On the IndyCar circuit, rules determine strategy. Engines, gearboxes, and chassis must be acquired through prescribed suppliers and are strictly governed. Innovations involving electronics and aerodynamics are also tightly controlled.
Still, engineering matters. Even while operating within the tight constraints of the rules, race teams can make the difference between victory and defeat. By designing and building reliable vehicles with the right electronic, aerodynamic, and mechanical features, engineers can customize the car to the course and driver and provide a competitive edge.
Although IndyCar vehicles are governed by strict rules that limit technological advantages,
race teams say that engineering still plays a big role.
Here, the race team at KV Racing Technology offers a look at its top five ways to build a more competitive car.
1. Design for reliability. When it comes to IndyCar, race aficionados like to talk about raw power, but engineers identify vehicle reliability as the most important way to get a winning edge. They point out that IndyCar history is rife with examples of vehicles that roared around the speedway until some minor component failed. (In 1967, Parnelli Jones' famed Turbocar served as a prime example of the importance of reliability. The vehicle led with three laps to go but had to drop out after a transmission bearing broke.) That's why race teams need to ensure that every component -- from engines and gearboxes to sensors and microcontrollers -- are ready on race day. "Assembly and preparation has to be top flight," Mark Johnson, general manager of KV Racing, told us. "First and foremost, you have to have a reliable car."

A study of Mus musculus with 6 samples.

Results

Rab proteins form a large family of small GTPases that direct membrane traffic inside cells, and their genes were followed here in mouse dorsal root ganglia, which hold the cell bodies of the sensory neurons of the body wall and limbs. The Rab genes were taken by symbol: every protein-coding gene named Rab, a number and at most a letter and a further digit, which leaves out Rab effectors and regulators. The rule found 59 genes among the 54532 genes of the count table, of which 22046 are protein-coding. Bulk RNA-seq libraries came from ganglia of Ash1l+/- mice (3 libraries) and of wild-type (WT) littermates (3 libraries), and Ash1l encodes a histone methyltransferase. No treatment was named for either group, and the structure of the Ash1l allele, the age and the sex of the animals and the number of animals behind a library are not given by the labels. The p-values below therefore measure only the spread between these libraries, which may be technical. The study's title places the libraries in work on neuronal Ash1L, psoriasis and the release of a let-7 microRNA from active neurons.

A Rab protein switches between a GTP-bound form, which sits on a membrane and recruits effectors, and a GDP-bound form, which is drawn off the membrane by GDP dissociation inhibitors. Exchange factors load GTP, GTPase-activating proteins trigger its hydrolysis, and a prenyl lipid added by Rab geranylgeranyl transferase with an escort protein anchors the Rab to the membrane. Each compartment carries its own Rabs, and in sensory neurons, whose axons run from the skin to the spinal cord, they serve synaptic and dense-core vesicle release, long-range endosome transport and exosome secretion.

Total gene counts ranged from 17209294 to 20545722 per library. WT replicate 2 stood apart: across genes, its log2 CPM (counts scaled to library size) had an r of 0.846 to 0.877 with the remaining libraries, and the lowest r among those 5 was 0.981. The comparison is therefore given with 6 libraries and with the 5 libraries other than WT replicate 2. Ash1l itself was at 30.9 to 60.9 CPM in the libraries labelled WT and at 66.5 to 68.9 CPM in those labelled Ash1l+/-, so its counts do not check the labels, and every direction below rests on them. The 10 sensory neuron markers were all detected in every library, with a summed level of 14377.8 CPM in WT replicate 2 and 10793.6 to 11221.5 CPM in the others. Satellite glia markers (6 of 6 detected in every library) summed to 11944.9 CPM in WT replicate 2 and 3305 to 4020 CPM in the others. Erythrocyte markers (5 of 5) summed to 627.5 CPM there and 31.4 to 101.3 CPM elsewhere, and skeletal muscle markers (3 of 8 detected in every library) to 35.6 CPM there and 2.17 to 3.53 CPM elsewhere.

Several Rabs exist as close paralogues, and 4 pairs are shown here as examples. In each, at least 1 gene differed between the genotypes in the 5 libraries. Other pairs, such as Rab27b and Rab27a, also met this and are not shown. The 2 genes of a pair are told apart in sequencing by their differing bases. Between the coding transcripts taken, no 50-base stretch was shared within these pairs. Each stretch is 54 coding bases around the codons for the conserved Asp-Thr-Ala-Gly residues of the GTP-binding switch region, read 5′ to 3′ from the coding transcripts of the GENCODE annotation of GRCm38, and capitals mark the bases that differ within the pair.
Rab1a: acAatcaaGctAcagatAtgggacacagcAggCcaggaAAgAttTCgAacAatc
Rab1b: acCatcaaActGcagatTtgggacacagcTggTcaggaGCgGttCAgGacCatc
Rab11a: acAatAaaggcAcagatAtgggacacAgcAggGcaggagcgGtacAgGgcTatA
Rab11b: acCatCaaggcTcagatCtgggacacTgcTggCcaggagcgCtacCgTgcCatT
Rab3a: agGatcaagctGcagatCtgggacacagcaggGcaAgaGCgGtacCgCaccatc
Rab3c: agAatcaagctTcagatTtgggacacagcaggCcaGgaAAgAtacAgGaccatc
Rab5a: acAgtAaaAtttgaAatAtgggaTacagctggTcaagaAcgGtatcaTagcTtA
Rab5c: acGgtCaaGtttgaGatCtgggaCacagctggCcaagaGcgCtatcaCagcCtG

2. Employ a sophisticated damper program. On a road course, such as the Long Beach Grand Prix, shock absorbers may be the single most important component on a race team's list. Unlike engines and gearboxes, which are tightly controlled by IndyCar, shocks can be adjusted to fit the geometries of the course and the proclivities of the driver. As a result, race teams spend countless hours on shaker rigs that can simulate turns, G-loads, and even little undulations of the road. By running their vehicles on the rigs, engineering teams can optimize the damper settings, making them softer or harder as needed.